New CBA rules
Well, the new CBA was announced today. Most importantly, we get five more years of uninterrupted baseball, a much welcome break from the 90s when labor struggles were too often the headlines. So, hooray for both sides for coming to an agreement on how to split their massive profits without complaining. Good job, fellows.
As far as the rule changes, there are some interesting and important wins. In no particular order:
- Free agent compensation is changing, but not going away, contrary to multiple reports from different sources. Not a big surprise, honestly. The percentages for how Type A and B free agents will be calculated differently now, and compensation for a Type B free agent will now come from the league instead of the signing team, but the system’s structure remains in tact. This means the Mariners will still get compensation for Gil Meche this winter.
- Perhaps getting the least attention of the important rule changes, amateur draft picks must now sign by August 15th. This will put an end to the long, protracted holdouts we’ve seen by high draftees recently, but more importantly, also puts an end to the draft-and-follow process that teams have used to evaluate a player’s development during a year at a junior college and still be able to sign the player. The DFE process, as it was known, was a boon for JC baseball, and the elimination of the DFE process isn’t a good thing, in my opinion.
- Also draft related, compensation for not signing a player is now given at the same slot as the pick used on the unsigned player. In other words, if the Royals had not signed Luke Hochevar this summer, under the new rules, they would get the #1 pick next summer, and everyone else would slide back a pick. This is a big deal; it gives teams all kinds of incentives to hold the line on signing bonuses and creates a massive potential for abuse.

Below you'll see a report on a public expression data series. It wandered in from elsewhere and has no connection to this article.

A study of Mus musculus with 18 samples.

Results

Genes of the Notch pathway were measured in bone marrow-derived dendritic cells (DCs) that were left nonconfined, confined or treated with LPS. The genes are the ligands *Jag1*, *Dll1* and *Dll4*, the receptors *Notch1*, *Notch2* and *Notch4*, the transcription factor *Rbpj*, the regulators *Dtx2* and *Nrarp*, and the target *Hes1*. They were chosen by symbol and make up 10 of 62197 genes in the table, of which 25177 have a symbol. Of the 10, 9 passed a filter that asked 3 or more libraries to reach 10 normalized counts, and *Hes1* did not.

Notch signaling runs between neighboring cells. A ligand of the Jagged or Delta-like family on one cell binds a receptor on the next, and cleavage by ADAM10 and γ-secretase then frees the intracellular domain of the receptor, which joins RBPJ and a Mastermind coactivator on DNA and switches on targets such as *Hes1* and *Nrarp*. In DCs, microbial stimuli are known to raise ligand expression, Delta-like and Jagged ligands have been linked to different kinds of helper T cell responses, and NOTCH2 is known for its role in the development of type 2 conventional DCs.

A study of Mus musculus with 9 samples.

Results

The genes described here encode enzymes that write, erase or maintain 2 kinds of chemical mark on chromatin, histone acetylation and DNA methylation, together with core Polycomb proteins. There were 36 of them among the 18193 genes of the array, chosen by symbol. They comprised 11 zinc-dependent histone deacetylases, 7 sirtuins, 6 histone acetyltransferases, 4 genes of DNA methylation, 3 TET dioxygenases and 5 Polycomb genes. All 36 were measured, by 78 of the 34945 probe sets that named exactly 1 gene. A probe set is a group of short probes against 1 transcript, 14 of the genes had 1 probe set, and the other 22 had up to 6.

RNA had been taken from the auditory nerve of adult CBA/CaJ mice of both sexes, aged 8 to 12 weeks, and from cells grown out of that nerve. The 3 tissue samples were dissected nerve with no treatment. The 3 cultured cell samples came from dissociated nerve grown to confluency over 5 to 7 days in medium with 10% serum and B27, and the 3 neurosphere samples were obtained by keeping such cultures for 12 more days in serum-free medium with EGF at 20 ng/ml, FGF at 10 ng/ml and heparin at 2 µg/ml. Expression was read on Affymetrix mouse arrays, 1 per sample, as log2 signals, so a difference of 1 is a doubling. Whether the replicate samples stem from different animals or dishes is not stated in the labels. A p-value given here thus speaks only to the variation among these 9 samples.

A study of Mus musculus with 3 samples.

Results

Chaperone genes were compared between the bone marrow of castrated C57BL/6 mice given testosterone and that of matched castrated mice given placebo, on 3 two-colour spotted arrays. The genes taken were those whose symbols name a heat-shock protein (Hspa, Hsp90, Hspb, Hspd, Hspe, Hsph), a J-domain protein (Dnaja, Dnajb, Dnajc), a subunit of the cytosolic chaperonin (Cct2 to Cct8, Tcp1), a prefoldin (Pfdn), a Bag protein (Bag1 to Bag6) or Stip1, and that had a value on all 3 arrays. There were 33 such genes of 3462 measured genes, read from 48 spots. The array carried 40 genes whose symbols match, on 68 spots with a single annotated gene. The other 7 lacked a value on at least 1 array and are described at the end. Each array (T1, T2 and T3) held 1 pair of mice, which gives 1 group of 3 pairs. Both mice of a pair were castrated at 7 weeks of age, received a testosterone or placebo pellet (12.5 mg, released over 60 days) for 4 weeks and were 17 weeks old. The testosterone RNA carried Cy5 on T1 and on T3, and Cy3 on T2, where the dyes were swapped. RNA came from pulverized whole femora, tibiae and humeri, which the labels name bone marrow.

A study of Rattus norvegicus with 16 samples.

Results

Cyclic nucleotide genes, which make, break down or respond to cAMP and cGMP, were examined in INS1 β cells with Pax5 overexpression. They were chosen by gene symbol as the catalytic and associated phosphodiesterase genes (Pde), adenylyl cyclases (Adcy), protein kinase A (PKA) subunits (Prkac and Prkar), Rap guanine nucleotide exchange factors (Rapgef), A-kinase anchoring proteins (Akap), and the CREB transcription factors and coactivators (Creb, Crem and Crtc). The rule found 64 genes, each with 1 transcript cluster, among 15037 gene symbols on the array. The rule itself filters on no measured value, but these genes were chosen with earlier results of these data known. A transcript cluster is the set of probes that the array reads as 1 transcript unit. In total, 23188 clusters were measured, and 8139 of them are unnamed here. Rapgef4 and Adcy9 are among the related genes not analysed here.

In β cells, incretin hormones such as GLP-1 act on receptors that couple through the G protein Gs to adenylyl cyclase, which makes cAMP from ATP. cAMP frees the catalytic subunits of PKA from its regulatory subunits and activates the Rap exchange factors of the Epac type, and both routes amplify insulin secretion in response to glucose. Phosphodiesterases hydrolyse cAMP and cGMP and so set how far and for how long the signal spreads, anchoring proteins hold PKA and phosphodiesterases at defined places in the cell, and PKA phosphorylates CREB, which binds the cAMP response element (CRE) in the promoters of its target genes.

For instance, if the Mariners desired last summer, they could have looked at the crop of available talent, decided they weren’t big fans of the guys available at #5, and drafted a HS senior who was essentially a lock to go to college, made him an offer they knew he wouldn’t accept, and then take the #5 pick in next year’s draft as compensation for “losing” their draftee. Essentially, teams are now given the ability to “trade” one year’s draft selection for the next year’s, if they so desire. The Reds actually did something similar to this a few years ago, when they were having budget issues, and now teams will have significantly more motivation to pull the same trick. On the surface, it seems like a good idea, but it’s really relying on a lot of integrity from the teams themselves to work. I’m not sure putting these guys on the honor system is a great idea.
- The league minimum salary gets a significant bump, from $327,000 to $380,000 next year, $390,000 in 2008, and then $400,000 for the rest of the agreement. That’s a 22% raise in the minimum salary. Depending on how the free agent market responds to the new CBA, this could potentially serve to make mid-tier players more attractive than previous, as the cost of replacement level is going up, lowering the value of low-end talent in the process. Mid-tier players have been significantly overpriced the past few years; this may begin to shift. We’ll see.
- All the previous offseason deadlines are being eliminated, such as the date for players to accept an arbitration offer or the May 1st date they had to wait to re-sign with a club who failed to reach a new contract with them after a certain offseason date. This should hopefully eliminate that annoying offseason lag we had every year, where teams waited around to sign players until the non-tenders began, and essentially make everything flow a little better. I hope.
All in all, some changes I’m not so fond of, but some good ones too, and in the end, labor peace = woohoo!